Press release

Christian Aid challenges lobbying for tax haven secrecy

As MPs prepare for tomorrow’s debate on the Sanctions and Anti-Money Laundering Bill, Christian Aid is calling out lobbying supported by the government of the British Virgin Islands.

The charity is responding to a BVI-funded report published last summer as part of lobbying against UK efforts to end corporate secrecy in the tax haven.

At the time, MPs and Peers were considering forcing UK tax havens to reveal who really owns the hundreds of thousands of secret companies they host.

Organisations including Christian Aid, the Tax Justice Network and Global Witness have long argued against the kind of corporate secrecy under scrutiny. It can be used to conceal illicit activity including tax evasion, money laundering and corruption, all of which have direct consequences for some of the poorest countries in the world.

In 2016, the Panama Papers revealed the BVI as the top location for anonymously-owned companies set up by the offshore law firm Mossack Fonseca.

Now, before Tuesday’s Commons debate on the Sanctions and Anti-Money Laundering Bill which could be used to curb UK tax haven secrecy, Christian Aid is publishing its response to the BVI’s report.

The charity argues that lobbyists for the BVI have “torture[d] the evidence to depict the BVI as a diverse economy, offering real and legitimate financial services and creating value through cross-border investment. None of these claims stands up to scrutiny”.

The pro-BVI report, Creating Value, was produced in June 2017 by London-based Capital Economics.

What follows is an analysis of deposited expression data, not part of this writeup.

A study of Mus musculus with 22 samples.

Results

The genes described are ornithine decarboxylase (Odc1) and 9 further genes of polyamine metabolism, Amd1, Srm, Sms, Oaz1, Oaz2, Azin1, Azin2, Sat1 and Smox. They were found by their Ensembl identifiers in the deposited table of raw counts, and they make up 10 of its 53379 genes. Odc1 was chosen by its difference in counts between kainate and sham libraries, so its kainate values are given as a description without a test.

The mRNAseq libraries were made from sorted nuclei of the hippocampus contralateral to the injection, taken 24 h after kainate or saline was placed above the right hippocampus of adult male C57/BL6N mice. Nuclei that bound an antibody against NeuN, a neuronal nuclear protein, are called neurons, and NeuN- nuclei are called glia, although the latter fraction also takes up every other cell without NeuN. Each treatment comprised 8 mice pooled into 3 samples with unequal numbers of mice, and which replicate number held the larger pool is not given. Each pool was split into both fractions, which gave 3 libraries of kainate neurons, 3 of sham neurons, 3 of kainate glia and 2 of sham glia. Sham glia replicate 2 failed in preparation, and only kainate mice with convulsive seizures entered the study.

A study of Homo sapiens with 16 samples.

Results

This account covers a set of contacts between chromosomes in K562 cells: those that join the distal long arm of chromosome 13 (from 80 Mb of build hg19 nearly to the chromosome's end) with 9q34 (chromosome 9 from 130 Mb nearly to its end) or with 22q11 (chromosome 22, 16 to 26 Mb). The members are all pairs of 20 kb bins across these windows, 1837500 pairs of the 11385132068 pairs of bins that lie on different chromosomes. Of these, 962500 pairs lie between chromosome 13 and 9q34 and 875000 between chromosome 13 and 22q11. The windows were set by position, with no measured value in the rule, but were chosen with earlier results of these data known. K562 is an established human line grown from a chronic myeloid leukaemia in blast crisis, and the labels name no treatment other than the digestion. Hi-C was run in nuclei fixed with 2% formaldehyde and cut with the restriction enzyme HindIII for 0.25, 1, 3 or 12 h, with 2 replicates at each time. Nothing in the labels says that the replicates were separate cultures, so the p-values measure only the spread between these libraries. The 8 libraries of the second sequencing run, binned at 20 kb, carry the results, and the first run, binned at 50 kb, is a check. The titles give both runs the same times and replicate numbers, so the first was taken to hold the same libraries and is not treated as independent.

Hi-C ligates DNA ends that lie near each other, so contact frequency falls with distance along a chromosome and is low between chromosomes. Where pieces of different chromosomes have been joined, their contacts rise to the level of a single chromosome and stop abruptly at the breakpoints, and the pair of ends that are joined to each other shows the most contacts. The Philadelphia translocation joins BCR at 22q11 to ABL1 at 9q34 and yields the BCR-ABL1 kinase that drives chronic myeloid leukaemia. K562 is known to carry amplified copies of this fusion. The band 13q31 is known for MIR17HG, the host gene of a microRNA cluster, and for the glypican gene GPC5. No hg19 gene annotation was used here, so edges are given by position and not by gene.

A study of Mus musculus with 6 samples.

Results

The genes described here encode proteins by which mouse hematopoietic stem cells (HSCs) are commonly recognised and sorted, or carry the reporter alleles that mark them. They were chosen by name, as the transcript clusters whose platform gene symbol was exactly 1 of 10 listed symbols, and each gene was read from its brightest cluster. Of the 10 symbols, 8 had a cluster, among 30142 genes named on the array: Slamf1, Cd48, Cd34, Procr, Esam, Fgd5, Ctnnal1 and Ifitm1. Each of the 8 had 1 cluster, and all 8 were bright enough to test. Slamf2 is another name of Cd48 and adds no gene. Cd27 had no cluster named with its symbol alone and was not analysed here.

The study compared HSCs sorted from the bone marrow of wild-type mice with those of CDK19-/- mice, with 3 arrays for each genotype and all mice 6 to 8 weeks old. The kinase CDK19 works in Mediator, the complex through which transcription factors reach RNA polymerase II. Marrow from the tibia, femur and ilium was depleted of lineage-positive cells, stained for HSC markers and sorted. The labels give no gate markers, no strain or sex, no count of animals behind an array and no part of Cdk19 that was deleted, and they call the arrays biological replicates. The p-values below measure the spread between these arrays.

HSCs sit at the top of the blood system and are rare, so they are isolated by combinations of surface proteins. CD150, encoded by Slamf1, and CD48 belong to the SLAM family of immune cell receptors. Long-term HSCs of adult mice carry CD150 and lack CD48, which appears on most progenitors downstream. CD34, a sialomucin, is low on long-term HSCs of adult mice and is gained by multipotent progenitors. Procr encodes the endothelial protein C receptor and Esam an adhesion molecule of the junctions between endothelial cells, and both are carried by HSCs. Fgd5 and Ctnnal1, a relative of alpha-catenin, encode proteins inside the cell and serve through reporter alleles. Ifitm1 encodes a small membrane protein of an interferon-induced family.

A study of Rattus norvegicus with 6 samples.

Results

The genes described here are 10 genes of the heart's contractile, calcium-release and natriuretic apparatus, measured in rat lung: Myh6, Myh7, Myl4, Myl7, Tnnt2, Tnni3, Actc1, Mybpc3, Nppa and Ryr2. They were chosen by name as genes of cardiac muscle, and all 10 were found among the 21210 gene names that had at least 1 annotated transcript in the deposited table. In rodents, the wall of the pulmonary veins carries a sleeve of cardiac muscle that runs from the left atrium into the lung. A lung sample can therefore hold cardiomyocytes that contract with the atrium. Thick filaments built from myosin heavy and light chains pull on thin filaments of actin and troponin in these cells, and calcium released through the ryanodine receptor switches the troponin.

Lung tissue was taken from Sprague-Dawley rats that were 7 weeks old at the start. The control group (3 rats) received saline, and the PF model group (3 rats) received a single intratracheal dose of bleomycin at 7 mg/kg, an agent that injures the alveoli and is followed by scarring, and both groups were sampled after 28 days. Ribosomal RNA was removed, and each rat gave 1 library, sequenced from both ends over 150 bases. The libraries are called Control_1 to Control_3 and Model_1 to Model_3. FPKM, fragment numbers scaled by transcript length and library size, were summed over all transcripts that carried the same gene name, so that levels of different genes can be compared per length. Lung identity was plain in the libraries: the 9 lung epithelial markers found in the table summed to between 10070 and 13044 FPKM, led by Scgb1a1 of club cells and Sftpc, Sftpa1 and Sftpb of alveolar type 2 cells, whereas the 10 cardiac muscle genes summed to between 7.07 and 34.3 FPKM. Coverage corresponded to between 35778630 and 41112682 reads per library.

Christian Aid is publishing its rebuttal - Questionable Values? – to encourage Parliamentarians and policy makers to seriously question the claims that the BVI’s corporate secrecy and no-tax environment is a force for good in the world.

“The BVI report was commissioned by BVI’s finance industry to support the status quo, so its rosy conclusions are hardly surprising,” warned Christian Aid’s Toby Quantrill, one of the report’s authors.

“Unfortunately, Creating Value is difficult to take seriously, from its argument that the BVI is not a tax haven to its highly questionable claim that the BVI provides a ‘substantial net benefit’ to other countries’ economies.”

Christian Aid’s partner organisation Tax Justice Network has already published a scathing response to Creating Value; Christian Aid hopes its report offers a complementary, in-depth critique. 


For an advance copy of Christian Aid's report, 'Questionable Values', email Nadene Ghouri at or Rachel Baird at Alternatively, call 07850 242950.

Notes to Editors:

1. Christian Aid works in some of the world's poorest communities in around 40 countries at any one time. We act where there is great need, regardless of religion, helping people to live a full life, free from poverty. We provide urgent, practical and effective assistance in tackling the root causes of poverty as well as its effects.

2. Christian Aid’s core belief is that the world can and must be changed so that poverty is ended: this is what we stand for. Everything we do is about ending poverty and injustice: swiftly, effectively, sustainably. Our strategy document Partnership for Change explains how we set about this task.

3. Christian Aid is a member of ACT Alliance, a global coalition of more than 130 churches and church-related organisations that work together in humanitarian assistance, advocacy and development.